January is National Birth Defects Prevention Month. NCEH’s Environmental Health Lab provides materials, resources and quality assurance that state labs use to screen newborns’ blood for possible disorders.
A bouncing baby makes us all smile. And CDC is doing its part to help keep those babies happy and healthy.
Within 24 to 48 hours of a child’s birth, a nurse takes few drops of blood from its heel and sends the dried blood spots to a laboratory to be analyzed. This process, known as newborn screening, is one of the nation’s most successful public health programs.
The Laboratory Role in Newborn Screening
State laboratories across the country screen virtually all babies born in the U.S. each year for disorders that are often not apparent at birth. If not quickly detected and treated, some of these disorders can cause serious problems, including mental retardation and premature death. When screening suggests a disorder, parents are notified and referred to a health care provider to confirm the diagnosis and begin treatment as needed.
CDC established the Newborn Screening Quality Assurance Program (NSQAP) in 1978. NSQAP is the world’s only comprehensive program devoted to quality assurance of newborn screening using dried blood spots. The program provides comprehensive quality assurance resources to newborn screening labs in the U.S. and worldwide. These resources include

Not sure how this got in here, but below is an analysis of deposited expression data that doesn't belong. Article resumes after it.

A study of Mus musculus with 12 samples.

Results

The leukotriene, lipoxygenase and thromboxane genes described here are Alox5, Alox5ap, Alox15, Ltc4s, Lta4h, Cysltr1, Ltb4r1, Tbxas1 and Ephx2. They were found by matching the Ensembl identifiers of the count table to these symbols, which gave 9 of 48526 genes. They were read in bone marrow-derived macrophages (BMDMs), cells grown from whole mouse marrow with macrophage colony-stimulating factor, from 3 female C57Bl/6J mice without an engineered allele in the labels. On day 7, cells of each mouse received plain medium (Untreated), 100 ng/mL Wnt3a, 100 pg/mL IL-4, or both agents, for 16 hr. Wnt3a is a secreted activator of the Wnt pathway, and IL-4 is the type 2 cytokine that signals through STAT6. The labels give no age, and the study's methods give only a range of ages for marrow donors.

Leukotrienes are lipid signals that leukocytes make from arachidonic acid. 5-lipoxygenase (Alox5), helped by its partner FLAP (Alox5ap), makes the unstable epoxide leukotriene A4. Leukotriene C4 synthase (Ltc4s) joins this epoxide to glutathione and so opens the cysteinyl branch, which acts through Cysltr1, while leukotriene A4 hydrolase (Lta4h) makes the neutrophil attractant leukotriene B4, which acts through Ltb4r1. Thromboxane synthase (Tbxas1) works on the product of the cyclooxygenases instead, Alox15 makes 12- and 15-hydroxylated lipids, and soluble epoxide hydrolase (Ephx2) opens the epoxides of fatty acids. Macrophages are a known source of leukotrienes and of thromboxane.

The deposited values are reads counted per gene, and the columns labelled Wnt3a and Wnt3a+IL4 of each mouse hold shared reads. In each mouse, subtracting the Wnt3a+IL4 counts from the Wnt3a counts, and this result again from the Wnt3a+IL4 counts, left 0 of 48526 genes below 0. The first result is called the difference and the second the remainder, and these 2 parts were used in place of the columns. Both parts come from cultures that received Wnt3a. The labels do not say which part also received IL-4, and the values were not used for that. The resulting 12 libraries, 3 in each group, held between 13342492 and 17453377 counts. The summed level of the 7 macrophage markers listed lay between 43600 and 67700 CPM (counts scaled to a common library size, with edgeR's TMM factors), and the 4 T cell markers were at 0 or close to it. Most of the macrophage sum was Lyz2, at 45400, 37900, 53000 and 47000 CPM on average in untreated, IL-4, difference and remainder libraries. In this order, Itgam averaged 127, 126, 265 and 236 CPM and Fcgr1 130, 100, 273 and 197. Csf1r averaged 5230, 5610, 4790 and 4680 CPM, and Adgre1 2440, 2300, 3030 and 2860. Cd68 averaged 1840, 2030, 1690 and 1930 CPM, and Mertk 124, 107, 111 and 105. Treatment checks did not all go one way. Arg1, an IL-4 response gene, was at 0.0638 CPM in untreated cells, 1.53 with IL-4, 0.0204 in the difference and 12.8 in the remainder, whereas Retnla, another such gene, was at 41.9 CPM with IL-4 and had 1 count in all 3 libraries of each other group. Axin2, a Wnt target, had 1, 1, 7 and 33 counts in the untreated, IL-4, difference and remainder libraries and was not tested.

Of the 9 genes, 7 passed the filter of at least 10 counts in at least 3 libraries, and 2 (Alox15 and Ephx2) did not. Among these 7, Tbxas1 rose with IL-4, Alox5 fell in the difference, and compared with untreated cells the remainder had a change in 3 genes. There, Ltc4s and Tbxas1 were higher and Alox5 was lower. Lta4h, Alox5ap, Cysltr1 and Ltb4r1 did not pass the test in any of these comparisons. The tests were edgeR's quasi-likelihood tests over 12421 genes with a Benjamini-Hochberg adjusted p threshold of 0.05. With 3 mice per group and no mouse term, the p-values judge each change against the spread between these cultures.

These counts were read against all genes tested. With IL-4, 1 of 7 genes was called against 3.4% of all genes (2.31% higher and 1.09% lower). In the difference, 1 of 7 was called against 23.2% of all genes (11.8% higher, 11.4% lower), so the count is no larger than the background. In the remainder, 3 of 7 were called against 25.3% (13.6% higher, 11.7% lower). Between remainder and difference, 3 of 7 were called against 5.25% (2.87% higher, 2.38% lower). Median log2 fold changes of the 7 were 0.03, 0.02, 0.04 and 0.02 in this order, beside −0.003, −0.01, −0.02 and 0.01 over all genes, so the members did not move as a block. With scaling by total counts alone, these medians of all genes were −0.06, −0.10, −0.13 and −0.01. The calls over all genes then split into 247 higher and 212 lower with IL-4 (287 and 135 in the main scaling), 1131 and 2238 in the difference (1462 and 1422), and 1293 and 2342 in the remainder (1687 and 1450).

- technical consultation
- proficiency testing
- reference materials
The Newborn Screening Process
Newborn screening begins with a heel stick that is done within 24-48 hours of a baby’s birth. A health care professional collects blood from the baby’s heel onto a filter paper card, which is the blood collection device. This card is sent to a newborn screening lab for testing.
One of NSQAP’s primary activities is to prepare dried blood spot reference materials for distribution to participating labs. Each year, NSQAP creates and sends out nearly a million dried blood spot reference specimens.
Working with manufacturers, NSQAP also tests all of the filter paper used in the blood collection devices before they are released for sale. The program tests thousands of strips of randomly selected paper each year. The filter paper needs to adhere to strict specifications so that the blood can be collected and analyzed correctly.
Dr. Carla Cuthbert is the branch chief of Newborn Screening and Molecular Biology Branch in CDC/NCEH that prepares the reference materials. She explains that while “newborn screening is more than a test, the [lab] testing process is actually very critical. You need to have some sort of evaluation to determine if an infant is at risk for a disease. We aim to offer appropriate leadership and expertise to ensure that the testing process is robust and reliable, providing high quality measurements—every day, for every test, on every baby’s samples.”